Road-building plans threaten Indonesian tigers

There are about 3,500 tigers are left in the wild worldwide. The Kerinci Seblat National Park, which spans four provinces on Sumatra island, is home to an estimated 190 of them - more than in China, Vietnam, Nepal, Laos and Cambodia combined.

"We need to do everything possible to stop this," said Mahendra Shrestha of Save the Tigers in Washington D.C. "It would be disastrous to one of the core tiger habitats in Asia."

The plans for four roads through the park would open up previously inaccessible land to villagers and illegal loggers, divide breeding grounds and movement corridors, and destroy vulnerable ecosystems.

Shrestha said it makes a "mockery" of the agreement signed by 13 countries that still have wild tigers to preserve and enhance critical habitats as part of efforts to double populations by 2002.

The 1.4-million hectare Kerinci Seblat park, which is divided by the Barisan mountain range and fringed by oil palm plantations as far as the eye can see, also is home to critically endangered Sumatran rhinoceros, elephants, clouded leopards, sun bears and more than 370 bird species.

It also has more than 4,000 plant species.

The Forestry Ministry, which would have to sign off on any deal and request parliamentary changes to Indonesian law on protected land, has remained tightlipped about the plans except to say building roads for development in protected areas is illegal. "It's still just a proposal," ministry spokesman Masyhud, who goes by one name, told The Associated Press.

Still, conservationists are worried because regional leaders - who increasingly hold sway in the nation of 237 million - are pushing the plans. With no visible pushback from the central government, the regional leaders may have little problem bulldozing through their proposal.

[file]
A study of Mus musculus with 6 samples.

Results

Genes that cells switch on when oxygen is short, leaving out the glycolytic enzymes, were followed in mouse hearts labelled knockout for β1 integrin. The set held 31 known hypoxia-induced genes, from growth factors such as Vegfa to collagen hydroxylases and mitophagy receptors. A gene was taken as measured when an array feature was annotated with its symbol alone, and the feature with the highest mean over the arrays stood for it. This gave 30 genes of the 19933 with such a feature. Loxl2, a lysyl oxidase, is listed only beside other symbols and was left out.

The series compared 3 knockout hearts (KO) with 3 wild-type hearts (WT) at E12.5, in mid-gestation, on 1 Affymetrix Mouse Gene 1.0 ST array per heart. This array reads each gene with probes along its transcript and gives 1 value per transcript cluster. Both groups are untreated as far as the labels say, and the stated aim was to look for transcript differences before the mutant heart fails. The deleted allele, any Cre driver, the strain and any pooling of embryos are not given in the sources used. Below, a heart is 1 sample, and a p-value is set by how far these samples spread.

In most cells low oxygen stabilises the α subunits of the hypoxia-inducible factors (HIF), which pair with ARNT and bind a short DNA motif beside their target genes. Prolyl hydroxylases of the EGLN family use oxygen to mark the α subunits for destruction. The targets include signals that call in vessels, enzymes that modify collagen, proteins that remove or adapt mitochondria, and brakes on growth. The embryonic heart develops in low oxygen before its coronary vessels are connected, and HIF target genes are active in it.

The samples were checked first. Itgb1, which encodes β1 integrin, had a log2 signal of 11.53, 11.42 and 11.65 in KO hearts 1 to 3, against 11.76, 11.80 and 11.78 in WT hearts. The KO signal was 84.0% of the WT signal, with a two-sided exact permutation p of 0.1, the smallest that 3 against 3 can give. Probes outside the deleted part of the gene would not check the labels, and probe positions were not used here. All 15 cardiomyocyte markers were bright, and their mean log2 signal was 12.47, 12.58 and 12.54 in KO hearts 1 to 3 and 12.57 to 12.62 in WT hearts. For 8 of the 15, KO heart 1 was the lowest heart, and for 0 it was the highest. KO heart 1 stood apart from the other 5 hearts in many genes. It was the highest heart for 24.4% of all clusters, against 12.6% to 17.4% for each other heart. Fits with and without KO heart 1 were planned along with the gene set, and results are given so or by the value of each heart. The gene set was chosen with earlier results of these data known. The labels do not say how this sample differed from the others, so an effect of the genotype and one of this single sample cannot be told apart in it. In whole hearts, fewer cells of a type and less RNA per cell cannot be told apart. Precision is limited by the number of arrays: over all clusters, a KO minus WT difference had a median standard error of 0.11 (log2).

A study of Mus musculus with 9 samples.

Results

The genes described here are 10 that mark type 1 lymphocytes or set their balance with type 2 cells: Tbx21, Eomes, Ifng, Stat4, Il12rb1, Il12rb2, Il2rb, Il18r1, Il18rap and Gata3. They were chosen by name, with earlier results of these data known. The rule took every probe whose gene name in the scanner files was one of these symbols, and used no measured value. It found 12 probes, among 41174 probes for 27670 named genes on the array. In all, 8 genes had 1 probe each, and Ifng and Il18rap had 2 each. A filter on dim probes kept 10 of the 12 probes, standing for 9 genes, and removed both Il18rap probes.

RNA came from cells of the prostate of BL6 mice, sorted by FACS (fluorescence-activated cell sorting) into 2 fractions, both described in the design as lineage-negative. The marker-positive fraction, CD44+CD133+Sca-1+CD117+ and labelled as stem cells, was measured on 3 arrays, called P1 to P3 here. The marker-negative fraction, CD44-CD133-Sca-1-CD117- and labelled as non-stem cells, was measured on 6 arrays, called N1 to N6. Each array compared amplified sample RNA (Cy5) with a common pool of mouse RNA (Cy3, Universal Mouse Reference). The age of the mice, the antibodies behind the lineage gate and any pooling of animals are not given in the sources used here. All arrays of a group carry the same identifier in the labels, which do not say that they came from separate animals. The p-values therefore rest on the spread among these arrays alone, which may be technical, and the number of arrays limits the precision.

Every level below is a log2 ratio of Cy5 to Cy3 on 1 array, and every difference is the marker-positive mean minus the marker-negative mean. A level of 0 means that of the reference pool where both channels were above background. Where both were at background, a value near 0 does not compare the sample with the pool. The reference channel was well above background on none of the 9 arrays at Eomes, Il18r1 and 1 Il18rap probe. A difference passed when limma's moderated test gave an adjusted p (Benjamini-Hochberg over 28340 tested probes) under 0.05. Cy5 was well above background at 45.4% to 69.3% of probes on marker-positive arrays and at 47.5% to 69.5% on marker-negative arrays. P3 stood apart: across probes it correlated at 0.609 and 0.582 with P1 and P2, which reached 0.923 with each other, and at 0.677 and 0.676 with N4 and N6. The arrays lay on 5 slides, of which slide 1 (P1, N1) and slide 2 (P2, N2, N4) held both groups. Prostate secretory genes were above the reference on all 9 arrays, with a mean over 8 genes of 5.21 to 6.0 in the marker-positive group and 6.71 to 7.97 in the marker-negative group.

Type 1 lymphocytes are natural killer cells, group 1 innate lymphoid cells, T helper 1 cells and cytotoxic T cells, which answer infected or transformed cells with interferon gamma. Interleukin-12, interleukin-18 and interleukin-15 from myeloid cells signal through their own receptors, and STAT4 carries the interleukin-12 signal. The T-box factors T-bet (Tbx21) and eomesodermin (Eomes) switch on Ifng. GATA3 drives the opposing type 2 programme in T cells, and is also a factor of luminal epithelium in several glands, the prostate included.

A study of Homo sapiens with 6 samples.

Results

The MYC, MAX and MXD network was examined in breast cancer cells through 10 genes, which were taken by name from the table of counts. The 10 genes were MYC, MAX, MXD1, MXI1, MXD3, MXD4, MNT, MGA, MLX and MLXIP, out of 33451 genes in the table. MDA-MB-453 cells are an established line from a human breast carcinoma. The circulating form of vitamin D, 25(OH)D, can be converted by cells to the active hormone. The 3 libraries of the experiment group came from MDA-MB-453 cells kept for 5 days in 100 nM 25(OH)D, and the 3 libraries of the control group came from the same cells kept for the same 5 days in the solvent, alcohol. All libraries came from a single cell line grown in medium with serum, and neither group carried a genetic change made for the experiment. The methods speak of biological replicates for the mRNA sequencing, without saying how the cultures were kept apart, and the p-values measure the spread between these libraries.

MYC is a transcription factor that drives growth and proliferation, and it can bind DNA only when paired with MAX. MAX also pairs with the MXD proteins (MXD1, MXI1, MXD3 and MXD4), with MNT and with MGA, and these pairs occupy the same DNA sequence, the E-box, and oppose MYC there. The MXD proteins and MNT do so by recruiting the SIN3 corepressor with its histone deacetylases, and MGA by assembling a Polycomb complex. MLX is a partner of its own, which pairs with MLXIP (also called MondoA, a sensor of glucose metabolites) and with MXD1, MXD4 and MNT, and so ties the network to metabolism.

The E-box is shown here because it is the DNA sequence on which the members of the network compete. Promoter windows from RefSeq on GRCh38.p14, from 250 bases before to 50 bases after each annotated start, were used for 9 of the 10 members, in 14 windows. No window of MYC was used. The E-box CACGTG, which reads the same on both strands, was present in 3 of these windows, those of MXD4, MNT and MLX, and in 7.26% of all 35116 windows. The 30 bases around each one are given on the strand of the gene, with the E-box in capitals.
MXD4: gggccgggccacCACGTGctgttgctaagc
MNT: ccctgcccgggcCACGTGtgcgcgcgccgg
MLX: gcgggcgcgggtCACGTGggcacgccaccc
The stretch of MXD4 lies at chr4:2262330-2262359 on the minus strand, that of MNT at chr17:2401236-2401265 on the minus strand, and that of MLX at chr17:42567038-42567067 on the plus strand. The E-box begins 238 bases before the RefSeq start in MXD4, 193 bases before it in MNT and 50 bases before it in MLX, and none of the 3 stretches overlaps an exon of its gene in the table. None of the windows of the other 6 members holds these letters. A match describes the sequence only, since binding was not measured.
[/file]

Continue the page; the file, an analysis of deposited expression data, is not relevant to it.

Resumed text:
Provincial officials in Jambi, Bengkulu and West Sumatra argue that four roads up to 40 feet (12 meters) wide are needed in the park to serve as "evacuation routes" for people in the event of volcanoes, earthquakes, flooding and other natural disasters.

"We fully understand the importance of this national park and will do everything to make sure that the environment is not destroyed," said Nashsyah, head of Bengkulu's development planning board, adding that a comprehensive study still needs to be done to educate all parties about the project.

Two-thirds of the tigers in the Kerinci Seblat park are adult females.

It is one of the few places where populations have actually grown over the last five years, thanks largely to untouched habitat and anti-poaching patrols that have helped protect one of the few genetically viable populations left in the world.

There already are four roads through the park. The construction of new, larger highways would bring in tons of heavy equipment, chain saws and hundreds of workers for months on end.

"These roads would further fragment tiger communities and disrupt their movement corridors," said Zen Suhadi of Indonesia's most prominent environmental group, Walhi.

"That's our main concern."

He is among 350 conservationists from dozens of different national and international nongovernment groups that have banded together to argue that the plans would turn Kerinci Seblat into a mishmash of forest blocks putting both tigers and their habitat at risk.

If approved, they say, it would open the way for road building in every protected area in Indonesia.

"We've called on the government to reconsider the plan," said Hariyo Tabat Wibisono, chairman of the local tiger conservation group, Forum HarimauKita. "But we hear it's already gotten the green light."